17 Sep 2007
The word "chelate" is derived from the Greek word "chele" which means claw. Originally, it referred to the clamping down of a crab's claw. Its relationship to chelated minerals refers to the action of one or more amino acids (proteins) attaching itself and completely surrounding a mineral. A new complex has now been formed in this protective coating. The quality of this coating varies from product to product, and that old saying "you get what you pay for" is true.
When ingesting a tablet or capsule of a commercially prepared chelated mineral product, the initial environment is stomach acid. In the acidic medium many of the less expensive, poor quality tablets tend to fall apart completely. This causes the protective chelate coating to be destroyed and the mineral to be prematurely released and possibly destroyed.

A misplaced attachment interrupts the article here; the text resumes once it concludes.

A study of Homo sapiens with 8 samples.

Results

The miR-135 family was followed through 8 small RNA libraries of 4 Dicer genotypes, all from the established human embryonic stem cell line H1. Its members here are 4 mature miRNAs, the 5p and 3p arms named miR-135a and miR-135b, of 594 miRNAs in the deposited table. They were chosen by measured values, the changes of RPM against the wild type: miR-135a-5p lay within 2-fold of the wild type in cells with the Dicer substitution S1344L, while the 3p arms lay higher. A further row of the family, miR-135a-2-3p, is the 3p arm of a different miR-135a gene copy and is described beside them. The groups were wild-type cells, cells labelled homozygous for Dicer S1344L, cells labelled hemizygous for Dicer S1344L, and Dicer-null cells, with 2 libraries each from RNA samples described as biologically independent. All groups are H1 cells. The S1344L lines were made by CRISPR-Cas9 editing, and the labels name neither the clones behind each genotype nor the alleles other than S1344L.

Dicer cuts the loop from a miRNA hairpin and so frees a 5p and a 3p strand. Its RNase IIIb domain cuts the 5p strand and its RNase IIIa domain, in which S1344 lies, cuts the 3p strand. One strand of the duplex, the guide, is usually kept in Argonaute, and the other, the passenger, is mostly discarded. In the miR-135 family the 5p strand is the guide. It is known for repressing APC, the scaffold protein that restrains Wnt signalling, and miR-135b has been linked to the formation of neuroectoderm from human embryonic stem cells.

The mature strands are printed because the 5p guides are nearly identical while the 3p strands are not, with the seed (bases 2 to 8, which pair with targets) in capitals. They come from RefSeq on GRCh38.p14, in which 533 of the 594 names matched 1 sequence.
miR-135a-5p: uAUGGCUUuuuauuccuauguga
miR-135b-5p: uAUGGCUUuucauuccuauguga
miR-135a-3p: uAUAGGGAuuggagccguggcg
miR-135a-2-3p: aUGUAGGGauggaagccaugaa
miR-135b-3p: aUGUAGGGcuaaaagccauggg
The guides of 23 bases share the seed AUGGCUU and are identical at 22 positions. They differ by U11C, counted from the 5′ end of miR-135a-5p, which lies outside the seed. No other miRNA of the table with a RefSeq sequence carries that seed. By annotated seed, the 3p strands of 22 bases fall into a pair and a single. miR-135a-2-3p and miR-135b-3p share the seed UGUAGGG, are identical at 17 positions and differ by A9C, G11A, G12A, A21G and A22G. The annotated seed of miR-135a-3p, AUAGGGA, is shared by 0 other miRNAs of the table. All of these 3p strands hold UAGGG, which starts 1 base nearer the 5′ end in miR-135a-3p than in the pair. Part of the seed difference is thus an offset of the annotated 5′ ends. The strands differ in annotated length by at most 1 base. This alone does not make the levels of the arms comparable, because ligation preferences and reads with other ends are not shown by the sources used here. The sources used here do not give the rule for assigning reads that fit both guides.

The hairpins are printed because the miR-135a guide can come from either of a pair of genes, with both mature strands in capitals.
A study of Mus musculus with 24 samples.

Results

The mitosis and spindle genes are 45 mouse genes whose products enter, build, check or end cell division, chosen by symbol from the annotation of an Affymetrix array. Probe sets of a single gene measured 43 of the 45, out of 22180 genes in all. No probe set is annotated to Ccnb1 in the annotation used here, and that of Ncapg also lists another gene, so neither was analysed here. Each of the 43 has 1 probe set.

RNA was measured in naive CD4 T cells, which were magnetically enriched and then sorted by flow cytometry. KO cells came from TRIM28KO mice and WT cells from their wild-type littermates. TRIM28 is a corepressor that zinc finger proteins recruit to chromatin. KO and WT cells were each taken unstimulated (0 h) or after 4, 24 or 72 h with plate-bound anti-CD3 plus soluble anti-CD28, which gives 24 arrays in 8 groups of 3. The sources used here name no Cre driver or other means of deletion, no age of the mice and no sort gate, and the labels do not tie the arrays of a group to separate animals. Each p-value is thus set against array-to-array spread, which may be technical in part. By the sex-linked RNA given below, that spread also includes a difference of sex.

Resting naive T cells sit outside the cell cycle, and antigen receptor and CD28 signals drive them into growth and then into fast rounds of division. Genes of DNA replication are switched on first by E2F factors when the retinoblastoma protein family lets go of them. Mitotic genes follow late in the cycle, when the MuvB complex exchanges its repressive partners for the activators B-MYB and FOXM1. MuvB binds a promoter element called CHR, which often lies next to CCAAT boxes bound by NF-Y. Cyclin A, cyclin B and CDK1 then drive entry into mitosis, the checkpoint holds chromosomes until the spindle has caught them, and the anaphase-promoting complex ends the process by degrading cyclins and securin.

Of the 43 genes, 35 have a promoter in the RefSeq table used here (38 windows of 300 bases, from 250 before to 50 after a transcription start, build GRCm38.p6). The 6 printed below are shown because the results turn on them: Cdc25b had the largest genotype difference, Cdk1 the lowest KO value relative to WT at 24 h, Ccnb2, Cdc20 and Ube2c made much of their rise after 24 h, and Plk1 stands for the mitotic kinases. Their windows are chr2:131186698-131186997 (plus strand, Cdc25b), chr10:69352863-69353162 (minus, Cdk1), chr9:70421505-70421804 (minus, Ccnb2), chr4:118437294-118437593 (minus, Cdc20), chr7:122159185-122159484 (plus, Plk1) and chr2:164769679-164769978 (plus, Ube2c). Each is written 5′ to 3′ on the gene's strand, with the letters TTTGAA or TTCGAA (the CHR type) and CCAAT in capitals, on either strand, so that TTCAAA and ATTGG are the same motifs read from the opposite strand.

The HCL (Hydrochloric acid) medium is the stomach disintegrates a capsule in about two minutes. A tablet takes about fifteen minutes. In that time, the chelate coating is broken away and ionizes the mineral allowing it to go free. The mineral may then react with anything in the vicinity and not reach the small intestines. Therefore, it can't be properly absorbed and utilized.
It is therefore essential to purchase mineral supplements that have been chelated with a pH sensitive amino acid coating of milk solids and not amino acids from vegetable proteins (which tend to break down faster) to protect them.
A high percentage of mineral supplements when ingested may not provide the actual amount of that product you are expecting to obtain because of this problem. Before chelated minerals are sold, larger doses of minerals were prescribed to offset the percentage of destruction that occurred before the body had a change to utilize the mineral.